Washington state senator apologies for comments about nurses playing cards

A Washington state senator on Monday apologized for comments she made last week stating that nurses spend their time playing cards, according to KING 5 News.

“I’d be happy to come in and work in a hospital with them for a while and shadow them and see their job. I’m pretty well aware of what their job is — I know how demanding it is,” Sen. Maureen Walsh (R) said on the Senate floor after facing backlash for her previous comments.


"I love my nurses. I'm really sorry. I'm more sorry about the political gaming that caused this disruption,” Walsh added Monday, claiming the remarks were taken out of context by state Democrats. “I have great respect for nurses. My mother was a registered nurse for many years.”

During a floor debate last week over a bill that would require uninterrupted meal and rest breaks for certain health care workers, Walsh argued the requirement would be an undue burden on smaller rural facilities.

"I would submit to you that those nurses probably do get breaks," Walsh said. "They probably play cards for a considerable amount of the day."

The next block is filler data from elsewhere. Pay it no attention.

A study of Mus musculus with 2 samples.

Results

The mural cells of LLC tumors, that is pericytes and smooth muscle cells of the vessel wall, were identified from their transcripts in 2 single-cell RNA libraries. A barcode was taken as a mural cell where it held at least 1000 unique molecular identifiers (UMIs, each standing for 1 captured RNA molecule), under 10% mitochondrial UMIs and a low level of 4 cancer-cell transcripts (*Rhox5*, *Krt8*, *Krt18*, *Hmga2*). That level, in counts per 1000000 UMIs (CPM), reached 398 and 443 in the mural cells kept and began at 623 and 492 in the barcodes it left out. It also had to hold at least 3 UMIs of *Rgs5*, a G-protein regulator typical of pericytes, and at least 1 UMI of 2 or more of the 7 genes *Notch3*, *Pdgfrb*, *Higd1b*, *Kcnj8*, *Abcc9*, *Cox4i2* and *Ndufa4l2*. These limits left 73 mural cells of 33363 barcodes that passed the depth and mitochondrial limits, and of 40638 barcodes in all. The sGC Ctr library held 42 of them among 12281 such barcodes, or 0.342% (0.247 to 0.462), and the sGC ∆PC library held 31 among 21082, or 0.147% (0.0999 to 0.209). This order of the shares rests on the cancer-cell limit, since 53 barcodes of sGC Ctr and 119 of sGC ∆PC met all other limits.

The comments were widely condemned and sparked a Change.org petition calling for Walsh to shadow nurses for a 12-hour shift, which has over 657,000 signatures as of Tuesday morning.

“I would like to take a stand and petition to have the Senator experience what really happens during an RN’s 12-hour shift,” Juliana Bindas, who started the petition, wrote in its description.

The Washington State Nurses Association also condemned the comments, writing, “mandatory overtime is bad for patient care and it’s bad for your rural hospitals. With all due respect, Sen. Walsh: perhaps it’s time for you to put down the cards and pick up the literature.”

“I really don’t believe nurses at our critical-access hospitals spend their days playing cards, but I did say it, and I wish I could reel it back,” Walsh said Monday. “Again, I was simply trying to differentiate between the staffing needs of the small, rural, critical-access hospitals with a handful of patients, versus the large urban hospitals with hundreds and hundreds of patients.”